A primary tool (either this or a fishbone diagram)
This is a visual mapping tool for synthesizing and visualizing the results of research and analysis on a specific issue. It helps to dissect a problem, to establish root causes (which aids the design of effective and targeted interventions) and effects.
This visual mapping tool is similar to a Fishbone Diagram (see note below). It is useful after problem identification to place issues in their wider context, and clarify that the issue under question is the real problem, not a symptom of a different problem.
This tool is ideally suited to group work – with colleagues, partner organizations, or a coalition. A facilitator can aid the group. To start the diagram or tree, generate the causes and effects on Post-it notes and stick them onto a large piece of paper.
Ask ‘but why’ or ‘what causes that?’ at each stage when seeking root cause.
Ask ‘what happened’ or ‘what does that lead to’ at each stage when seeking final impact.
It is effective when done using ‘post it’ slips, as these can be moved around as the process unfolds e.g. when causes are later identified as root causes.
Diagrammatically, the mapping can unfold as follows:
This can also be designed as a problem tree. The tree has a trunk that represents the core problem, roots that represent the causes of the problem, and branches that represent the effects.
In considering problem causes, do not forget to include the policy environment and whether new policies are necessary or whether existing policies are being implemented effectively.
Next, the effects of the problem are drawn (as branches of the tree). Once again, the diagram should identify links between issues by joining branches together. Find out what people know about each root cause and each effect of the problem. Details and reasons may reveal further causes and effects.
The group can then negotiate the relationships between the cards and how they should be placed. The diagram or tree can be re-framed by making one of the causes or effects as the core problem, and re-adjusting the other cards around it. You may want to do this to refocus your issue to one that you can better influence.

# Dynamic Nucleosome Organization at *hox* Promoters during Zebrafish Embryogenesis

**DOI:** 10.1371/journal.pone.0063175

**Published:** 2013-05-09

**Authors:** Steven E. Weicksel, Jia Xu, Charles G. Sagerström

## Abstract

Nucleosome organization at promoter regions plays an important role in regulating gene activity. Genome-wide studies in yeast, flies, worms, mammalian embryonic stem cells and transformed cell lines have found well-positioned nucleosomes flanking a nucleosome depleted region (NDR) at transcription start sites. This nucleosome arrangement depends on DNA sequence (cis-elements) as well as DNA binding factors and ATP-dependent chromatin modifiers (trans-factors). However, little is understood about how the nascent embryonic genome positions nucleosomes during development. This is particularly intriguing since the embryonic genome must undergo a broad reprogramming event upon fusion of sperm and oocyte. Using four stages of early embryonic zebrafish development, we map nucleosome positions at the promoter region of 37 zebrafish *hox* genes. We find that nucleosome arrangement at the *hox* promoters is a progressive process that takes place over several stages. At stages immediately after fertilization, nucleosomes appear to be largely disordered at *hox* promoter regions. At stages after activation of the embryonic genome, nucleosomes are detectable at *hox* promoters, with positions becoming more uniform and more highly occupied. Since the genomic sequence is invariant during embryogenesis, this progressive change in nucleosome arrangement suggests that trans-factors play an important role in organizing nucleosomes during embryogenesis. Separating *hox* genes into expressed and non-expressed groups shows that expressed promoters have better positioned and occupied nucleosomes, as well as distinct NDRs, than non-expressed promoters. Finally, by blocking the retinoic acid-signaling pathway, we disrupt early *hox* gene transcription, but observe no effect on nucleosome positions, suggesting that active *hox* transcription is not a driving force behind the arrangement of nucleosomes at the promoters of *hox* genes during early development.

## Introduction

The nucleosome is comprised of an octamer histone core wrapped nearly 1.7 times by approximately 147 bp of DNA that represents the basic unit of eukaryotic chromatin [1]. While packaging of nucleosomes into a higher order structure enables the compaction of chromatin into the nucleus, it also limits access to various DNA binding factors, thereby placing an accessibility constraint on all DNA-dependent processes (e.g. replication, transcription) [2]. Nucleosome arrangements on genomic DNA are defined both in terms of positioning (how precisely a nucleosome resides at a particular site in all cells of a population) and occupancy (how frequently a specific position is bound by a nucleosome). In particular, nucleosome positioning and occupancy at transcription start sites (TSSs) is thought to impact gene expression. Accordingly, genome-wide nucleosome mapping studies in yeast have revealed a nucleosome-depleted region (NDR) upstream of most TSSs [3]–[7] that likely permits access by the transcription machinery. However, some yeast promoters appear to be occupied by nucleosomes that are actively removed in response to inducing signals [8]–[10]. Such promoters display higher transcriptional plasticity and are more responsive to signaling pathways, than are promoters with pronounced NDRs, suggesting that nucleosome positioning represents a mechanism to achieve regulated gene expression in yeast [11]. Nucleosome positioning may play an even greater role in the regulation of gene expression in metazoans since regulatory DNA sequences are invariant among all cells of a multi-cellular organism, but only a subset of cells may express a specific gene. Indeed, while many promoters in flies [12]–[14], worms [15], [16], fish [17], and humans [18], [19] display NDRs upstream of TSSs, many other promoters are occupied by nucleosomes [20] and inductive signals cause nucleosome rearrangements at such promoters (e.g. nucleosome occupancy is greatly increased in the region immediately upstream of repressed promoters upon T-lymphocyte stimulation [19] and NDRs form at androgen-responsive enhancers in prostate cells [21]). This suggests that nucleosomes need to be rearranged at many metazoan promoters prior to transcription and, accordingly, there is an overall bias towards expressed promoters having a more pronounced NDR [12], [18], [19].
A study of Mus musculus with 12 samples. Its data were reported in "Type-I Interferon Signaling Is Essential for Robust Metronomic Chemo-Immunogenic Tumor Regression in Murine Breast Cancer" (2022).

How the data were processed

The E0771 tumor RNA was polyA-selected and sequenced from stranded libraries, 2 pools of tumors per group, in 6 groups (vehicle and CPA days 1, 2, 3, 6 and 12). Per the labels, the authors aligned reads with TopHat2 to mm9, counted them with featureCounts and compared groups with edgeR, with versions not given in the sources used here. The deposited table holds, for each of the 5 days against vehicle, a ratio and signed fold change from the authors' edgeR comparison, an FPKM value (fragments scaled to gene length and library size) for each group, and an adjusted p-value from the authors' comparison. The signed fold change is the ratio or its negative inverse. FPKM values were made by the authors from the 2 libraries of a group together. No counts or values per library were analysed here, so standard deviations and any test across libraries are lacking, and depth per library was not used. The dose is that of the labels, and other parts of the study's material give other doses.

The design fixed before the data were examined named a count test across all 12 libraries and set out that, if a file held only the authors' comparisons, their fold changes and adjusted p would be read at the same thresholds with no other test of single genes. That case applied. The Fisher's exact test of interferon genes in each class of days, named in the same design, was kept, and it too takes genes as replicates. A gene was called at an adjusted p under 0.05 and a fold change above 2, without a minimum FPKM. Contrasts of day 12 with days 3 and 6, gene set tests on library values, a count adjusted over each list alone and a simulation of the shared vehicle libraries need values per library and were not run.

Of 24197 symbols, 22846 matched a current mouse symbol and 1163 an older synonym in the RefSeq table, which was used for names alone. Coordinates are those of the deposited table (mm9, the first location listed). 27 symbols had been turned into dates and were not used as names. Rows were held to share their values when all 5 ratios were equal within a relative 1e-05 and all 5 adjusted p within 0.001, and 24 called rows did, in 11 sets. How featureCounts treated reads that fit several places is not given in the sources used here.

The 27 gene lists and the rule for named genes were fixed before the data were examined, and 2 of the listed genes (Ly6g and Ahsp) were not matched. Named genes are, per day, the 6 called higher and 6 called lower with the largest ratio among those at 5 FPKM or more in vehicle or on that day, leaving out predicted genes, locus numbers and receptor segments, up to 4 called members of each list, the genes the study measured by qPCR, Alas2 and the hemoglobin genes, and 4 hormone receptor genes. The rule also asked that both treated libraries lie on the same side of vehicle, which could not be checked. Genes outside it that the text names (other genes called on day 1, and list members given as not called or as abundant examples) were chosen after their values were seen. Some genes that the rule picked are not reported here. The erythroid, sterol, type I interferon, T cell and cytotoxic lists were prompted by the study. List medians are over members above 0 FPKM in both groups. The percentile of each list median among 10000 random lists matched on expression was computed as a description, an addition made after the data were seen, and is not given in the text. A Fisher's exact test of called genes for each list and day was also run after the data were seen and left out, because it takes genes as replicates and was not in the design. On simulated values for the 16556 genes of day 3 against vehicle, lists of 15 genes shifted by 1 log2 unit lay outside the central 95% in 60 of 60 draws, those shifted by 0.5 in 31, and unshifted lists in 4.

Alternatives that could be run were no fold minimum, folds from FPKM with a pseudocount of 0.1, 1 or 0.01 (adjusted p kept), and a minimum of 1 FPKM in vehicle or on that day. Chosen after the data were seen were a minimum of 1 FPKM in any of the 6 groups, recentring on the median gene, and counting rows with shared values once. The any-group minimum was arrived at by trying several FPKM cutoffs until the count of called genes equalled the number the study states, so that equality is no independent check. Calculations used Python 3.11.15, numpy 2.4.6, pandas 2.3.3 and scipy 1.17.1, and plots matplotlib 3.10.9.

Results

You can then use the diagram or problem tree to produce a solution tree, where the trunk is your main aim, the roots are objectives and the branches are the benefits that will arise from your aim being met.
You reverse the core problem to create a goal (or aim) (cover the card with a new one with the goal written on it). Similarly you convert the effects to benefits, and causes to objectives – simply by reversing the language used.
At this stage, you should not leap ahead into how the objectives might be achieved. For example, if one of the ‘causes’ was ‘lack of understanding’, your ‘objective’ should be ‘increased understanding’, not to institute an education program – there may be other methods of achieving the objective that you will want to consider at a later stage in the planning process.
The objectives do not all have to be advocacy objectives. They can also be objectives that are best met through other types of animal welfare work. Using this technique can enable you to devise an integrated strategy of projects and advocacy, both being part of your wider program. The advocacy objectives will not necessarily fall in the first line next to the goal – these may be quite broad and the most focused objective needed for advocacy may be on the second row.
In the course of doing the problem and solution trees, you may realize that there are gaps in your knowledge that need further research. That is fine, and is another benefit of using a tool such as this for your analysis.
The effects and benefits you produce are important, as they are going to form the basis of your compelling argument that brings you more support and eventually persuades the policy maker to change their position.
The objectives you arrive at are important because they may provide a basis for your project or wider program.